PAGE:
IDAHO, USA — The summer seems to be flying by. It's hard to believe, but school starts soon for students across the Treasure Valley and across the state. August 16 and 17 are the start dates for many districts. That means a lot of parents are out running around getting their last minute back-to-school shopping done, teachers are working on their lesson plans, and state education leaders are enacting their plans, programs and policies for the 2023-24 school year.
The Idaho State Department of Education says 319,000 students attended public schools in 117 districts during the 2022-23 school year. Roughly the same number, as well as about 19,000 teachers, will start school this year, several months after the state legislature and Governor Brad Little made large investments in public education. They approved investing $410 million of the state's record $1.6 billion budget surplus into public education.
That includes $80 million for the Idaho Launch program, which provides $8,000 grants to qualifying Idaho high school seniors to use at any Idaho community college, career technical program or workforce training program for jobs that are in high demand in the state.
They increased pay for all teachers, including bumping up starting teacher pay to more than $47,000 a year. The governor says that puts Idaho in the top 10 nationally for starting teacher salaries.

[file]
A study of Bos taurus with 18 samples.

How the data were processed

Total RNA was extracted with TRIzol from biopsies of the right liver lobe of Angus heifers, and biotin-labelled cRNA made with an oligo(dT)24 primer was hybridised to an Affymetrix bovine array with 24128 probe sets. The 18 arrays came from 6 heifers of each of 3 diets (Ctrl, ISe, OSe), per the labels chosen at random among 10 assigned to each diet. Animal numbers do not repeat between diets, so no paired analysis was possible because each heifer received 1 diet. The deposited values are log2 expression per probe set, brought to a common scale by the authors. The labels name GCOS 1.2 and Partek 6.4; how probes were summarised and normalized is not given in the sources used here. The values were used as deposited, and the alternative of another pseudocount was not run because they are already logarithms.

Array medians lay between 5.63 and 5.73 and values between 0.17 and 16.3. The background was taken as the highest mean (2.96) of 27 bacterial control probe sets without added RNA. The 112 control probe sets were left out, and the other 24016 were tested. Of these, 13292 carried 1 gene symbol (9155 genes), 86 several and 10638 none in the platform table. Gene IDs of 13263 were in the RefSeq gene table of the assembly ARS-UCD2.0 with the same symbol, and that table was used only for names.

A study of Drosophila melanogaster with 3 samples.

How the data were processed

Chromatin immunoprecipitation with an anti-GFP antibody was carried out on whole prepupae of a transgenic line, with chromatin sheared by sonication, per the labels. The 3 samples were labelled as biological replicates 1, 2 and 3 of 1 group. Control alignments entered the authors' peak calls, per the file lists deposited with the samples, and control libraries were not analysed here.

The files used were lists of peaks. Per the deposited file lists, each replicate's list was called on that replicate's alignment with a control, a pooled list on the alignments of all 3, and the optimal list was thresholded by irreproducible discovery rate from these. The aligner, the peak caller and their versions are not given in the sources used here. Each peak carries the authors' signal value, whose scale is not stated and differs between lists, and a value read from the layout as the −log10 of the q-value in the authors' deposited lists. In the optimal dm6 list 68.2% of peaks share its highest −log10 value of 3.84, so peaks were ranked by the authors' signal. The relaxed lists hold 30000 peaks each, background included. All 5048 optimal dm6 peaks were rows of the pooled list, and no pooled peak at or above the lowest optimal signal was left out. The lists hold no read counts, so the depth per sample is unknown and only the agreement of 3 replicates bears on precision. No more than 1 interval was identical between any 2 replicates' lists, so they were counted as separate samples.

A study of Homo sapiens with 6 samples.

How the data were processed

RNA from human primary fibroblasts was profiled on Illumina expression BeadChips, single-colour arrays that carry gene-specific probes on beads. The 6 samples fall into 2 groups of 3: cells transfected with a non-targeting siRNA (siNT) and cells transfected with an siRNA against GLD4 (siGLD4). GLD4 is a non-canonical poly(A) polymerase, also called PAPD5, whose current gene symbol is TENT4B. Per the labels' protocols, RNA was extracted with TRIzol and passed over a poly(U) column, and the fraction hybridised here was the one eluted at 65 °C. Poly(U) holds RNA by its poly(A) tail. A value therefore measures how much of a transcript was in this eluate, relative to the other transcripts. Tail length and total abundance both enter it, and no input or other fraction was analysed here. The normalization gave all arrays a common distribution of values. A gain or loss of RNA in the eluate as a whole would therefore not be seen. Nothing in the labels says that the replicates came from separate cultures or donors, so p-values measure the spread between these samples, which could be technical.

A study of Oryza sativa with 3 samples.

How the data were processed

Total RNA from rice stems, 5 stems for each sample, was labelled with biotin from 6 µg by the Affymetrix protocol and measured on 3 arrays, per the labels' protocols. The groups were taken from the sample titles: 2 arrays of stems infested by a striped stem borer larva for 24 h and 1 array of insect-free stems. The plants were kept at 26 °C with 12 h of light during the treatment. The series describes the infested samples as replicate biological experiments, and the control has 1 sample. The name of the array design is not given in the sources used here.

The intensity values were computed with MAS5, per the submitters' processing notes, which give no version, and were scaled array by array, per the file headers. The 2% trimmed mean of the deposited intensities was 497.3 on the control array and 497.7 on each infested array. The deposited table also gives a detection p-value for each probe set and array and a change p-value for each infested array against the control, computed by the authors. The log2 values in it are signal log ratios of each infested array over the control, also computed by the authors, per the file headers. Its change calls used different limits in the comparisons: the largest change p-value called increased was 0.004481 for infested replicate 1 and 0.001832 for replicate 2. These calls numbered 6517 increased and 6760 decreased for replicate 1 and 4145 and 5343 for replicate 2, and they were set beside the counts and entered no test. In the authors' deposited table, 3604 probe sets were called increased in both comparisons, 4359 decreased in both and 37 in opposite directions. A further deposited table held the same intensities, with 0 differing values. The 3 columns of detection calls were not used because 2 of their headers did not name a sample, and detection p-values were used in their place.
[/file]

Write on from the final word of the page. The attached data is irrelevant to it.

The legislature also increased funding for public schools by 16.4% and made the Empowering Parents grant program permanent. The program provides help to eligible families to pay for things such as computers, internet access, instructional materials and tutoring.
Superintendent of Public Instruction Debbie Critchfield talked about the big issues in public education, including teacher pay. She says it's still too early to know if the pay raises are helping to retain and recruit new teachers, but she's hearing positive things.
"We're certainly going to get more information as we go through this coming school year, but I think one early piece of evidence that it is something that is helping within the profession to attract and retain educators, is we're hearing that there are less teacher positions that are open," Critchfield said. "There are many districts that are still scrambling to fill, you know they're still trying to fill bus driver positions and some of these other things, but I'm hearing less districts talk about the actual teacher shortage."
The interview with Superintendent Critchfield covered a lot of ground. On this edition of Viewpoint hear her stances on school funding and the funding formula, grants for schools and parents, as well as a new supplemental curriculum called "The Story of America," and why she worries about the politicization of the classroom.
Viewpoint airs Sunday mornings at 9 o'clock on KTVB Idaho's NewsChannel 7.